McCain caught overpromising on SEC chairman

John McCain said Thursday that if he were president now, he'd fire SEC chairman Chris Cox -- only problem is, the president doesn't technically have that power.

Published September 18, 2008 7:20PM (EDT)

As our very own Andrew Leonard noted over in How the World Works, in a speech John McCain gave on Thursday, he called for the firing Chris Cox, the chairman of the Securities and Exchange Commission.

"The regulators were asleep, my friends," McCain said. "The chairman of the SEC serves at the appointment of the president. And in my view has betrayed the public trust. If I were president today, I would fire him."

There's just one little problem with McCain's comment, though. The president doesn't actually have the power to fire the SEC chairman. At ABC News' blog Political Radar, David Wright writes:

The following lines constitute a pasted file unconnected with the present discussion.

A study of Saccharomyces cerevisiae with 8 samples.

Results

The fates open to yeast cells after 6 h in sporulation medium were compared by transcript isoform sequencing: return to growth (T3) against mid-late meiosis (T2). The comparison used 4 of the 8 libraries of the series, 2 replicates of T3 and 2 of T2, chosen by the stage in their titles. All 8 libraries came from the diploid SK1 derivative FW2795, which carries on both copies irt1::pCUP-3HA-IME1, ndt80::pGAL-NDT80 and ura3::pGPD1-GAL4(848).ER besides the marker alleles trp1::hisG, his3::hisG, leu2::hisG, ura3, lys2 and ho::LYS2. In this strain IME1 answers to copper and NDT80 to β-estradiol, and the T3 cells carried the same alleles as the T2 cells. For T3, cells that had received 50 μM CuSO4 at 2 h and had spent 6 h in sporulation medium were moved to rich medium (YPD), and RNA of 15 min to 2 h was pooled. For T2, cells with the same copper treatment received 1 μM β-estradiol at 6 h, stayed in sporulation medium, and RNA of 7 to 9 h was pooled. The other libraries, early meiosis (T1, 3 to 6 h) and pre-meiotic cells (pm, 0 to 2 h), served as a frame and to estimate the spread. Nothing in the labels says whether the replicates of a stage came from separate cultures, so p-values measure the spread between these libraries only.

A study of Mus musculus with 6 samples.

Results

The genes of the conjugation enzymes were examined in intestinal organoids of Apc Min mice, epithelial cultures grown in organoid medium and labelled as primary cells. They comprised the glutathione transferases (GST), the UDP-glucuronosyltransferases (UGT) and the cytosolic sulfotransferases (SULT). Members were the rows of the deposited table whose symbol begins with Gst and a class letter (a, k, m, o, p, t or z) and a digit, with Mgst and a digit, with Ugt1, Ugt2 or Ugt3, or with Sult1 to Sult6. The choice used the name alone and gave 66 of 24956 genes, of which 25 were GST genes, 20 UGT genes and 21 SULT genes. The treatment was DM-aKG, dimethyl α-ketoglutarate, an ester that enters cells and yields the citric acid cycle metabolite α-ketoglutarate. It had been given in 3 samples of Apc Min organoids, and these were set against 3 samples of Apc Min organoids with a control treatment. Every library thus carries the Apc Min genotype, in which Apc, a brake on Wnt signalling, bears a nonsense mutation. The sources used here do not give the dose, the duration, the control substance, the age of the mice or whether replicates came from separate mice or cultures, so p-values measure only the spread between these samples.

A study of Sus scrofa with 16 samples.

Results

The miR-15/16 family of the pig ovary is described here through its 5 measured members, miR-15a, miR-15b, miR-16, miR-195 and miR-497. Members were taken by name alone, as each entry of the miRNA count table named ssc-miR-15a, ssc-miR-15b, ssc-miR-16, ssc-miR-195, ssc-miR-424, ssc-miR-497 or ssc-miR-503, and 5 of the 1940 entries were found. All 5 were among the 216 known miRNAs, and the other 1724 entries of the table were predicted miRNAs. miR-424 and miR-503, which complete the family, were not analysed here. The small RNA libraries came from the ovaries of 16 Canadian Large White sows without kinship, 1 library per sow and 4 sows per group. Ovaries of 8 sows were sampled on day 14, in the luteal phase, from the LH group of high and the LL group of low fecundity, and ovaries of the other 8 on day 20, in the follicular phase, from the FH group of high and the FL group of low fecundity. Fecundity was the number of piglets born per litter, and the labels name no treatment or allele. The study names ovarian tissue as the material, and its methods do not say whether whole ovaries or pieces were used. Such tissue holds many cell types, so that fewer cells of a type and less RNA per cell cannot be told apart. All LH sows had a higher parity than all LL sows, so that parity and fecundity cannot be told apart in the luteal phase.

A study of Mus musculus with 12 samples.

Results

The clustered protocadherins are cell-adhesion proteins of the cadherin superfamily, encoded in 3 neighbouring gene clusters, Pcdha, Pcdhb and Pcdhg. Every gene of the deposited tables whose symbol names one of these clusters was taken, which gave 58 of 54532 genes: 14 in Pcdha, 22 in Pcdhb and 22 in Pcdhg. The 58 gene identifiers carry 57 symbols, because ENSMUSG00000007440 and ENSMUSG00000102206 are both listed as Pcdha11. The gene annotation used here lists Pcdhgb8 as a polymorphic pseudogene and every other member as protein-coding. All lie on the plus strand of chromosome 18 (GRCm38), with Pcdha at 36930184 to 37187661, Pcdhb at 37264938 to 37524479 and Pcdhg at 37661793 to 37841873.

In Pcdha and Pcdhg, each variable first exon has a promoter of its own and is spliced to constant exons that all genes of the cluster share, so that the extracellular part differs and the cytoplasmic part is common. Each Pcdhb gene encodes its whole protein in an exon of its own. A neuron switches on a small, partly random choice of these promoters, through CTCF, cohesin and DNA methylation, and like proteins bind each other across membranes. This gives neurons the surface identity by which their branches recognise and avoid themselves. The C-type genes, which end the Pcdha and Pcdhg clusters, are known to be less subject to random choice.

While the president nominates and the Senate confirms the SEC chair, a commissioner of an independent regulatory commission cannot be removed by the president.

From time to time, presidents have attempted to remove commissioners who have proven "uncooperative." However, the courts have general upheld the independence of commissioners. In 1935, President Franklin Delano Roosevelt fired a member of the Federal Trade Commission and the Supreme Court ruled the president acted unconstitutionally.

Wright asked McCain spokesman Tucker Bounds to explain how the Republican nominee would fire Cox if he were elected. "Not only is there historical precedent for SEC Chairs to be removed, the President of the United States always reserves the right to request the resignation of an appointee and maintain the customary expectation that it will be delivered," Bounds responded. Wright says the McCain camp pointed to the example of former SEC chairman Harvey Pitt, "who resigned in 2002 when it was made clear to him that he had lost the confidence of the Bush administration."

By Alex Koppelman

Alex Koppelman is a staff writer for Salon.